Once something is automated you can control it from any of the remotes, from the touch screen, from one of the keypads or from some other event. It's hard to get your mind around exactly what the system can do unless you see it in action, but let me try to give you a few examples of things that you can do:
- Kenna has a button on her wall that will automatically turn on her music and play her playlist that she has defined.
- There is a button with a light on it on the wall in our bedroom. If the light is red it means the garage door is open. Push the button and it will close.
- There is a button on the wall in the kitchen that will pause the currently playing TV show or DVD--great for when it's time to bless the food.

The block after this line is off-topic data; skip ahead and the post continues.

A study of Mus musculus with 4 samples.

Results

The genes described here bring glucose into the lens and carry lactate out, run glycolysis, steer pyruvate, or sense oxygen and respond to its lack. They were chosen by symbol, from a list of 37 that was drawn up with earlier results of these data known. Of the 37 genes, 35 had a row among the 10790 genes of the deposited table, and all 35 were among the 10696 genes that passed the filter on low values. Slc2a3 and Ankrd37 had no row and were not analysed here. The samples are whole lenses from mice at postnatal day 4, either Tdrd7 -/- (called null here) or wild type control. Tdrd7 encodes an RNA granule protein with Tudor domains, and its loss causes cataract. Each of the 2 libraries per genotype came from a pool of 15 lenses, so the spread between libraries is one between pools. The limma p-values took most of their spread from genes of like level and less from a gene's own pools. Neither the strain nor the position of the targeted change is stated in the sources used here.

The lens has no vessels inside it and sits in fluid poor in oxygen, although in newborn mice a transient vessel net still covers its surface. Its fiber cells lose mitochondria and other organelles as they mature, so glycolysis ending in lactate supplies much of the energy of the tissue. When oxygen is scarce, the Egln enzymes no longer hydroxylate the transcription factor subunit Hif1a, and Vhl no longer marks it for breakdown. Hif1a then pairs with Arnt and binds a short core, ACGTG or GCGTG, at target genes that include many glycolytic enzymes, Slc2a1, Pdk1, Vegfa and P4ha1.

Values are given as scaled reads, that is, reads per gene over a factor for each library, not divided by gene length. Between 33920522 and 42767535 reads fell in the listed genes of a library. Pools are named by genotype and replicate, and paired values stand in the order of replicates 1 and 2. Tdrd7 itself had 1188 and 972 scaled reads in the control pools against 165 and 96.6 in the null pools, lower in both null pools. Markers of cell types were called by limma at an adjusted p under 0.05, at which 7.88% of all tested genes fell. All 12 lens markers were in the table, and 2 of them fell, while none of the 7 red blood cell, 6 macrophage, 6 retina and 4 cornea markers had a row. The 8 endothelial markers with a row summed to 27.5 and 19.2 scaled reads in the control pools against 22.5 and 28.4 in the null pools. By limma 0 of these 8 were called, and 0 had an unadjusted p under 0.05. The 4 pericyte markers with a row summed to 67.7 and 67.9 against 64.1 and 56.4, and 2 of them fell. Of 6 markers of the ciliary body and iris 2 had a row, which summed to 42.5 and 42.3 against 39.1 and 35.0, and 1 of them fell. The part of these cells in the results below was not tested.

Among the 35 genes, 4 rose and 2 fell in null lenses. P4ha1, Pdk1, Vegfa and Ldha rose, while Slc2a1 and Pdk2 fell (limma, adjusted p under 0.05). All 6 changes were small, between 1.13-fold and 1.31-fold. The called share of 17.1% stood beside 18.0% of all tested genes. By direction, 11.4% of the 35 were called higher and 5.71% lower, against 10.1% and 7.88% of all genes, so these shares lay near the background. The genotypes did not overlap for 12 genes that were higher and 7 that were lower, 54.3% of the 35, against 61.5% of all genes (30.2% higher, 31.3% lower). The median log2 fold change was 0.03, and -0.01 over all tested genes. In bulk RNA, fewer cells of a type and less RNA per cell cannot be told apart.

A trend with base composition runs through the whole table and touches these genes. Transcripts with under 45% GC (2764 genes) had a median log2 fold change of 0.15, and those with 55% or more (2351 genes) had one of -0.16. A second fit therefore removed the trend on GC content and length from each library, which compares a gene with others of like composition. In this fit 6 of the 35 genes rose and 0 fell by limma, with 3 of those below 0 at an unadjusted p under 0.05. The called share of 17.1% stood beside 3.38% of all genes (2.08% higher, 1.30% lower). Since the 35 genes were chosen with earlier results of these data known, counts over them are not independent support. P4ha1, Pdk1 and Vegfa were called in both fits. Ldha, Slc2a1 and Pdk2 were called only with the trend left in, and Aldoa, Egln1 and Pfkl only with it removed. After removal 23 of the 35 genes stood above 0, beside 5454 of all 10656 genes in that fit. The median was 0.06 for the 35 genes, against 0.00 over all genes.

- When Todd goes to sleep he programs a "wake-up" that will turn on his light and play music when it's time to get out of bed the next morning.
- The outdoor lights automatically turn on at sunset and then turn off at 10:00 pm.
The right switch is for the light. The middle switch is for the ceiling fan. The six buttons on the left control the dining room light, control the kitchen light, control the basement light, turn on the TV to Dish satellite, control the three outdoor lights, and pause the TV/DVD.
It's all customizable to whatever arrangement you want. (It's actually less work to change what a button does than it is to change the label on the button.) Plus, you can access and control any of it over the internet or even from your iPhone. (Too bad we don't have one.) I, of course, think it's all totally cool. But the funny thing is how much Kenna loves it. She helped me install most of the dimmers and loves to change what the buttons in her room do.
If you come over to our house I apologize now for trying to give you an extended show-and-tell.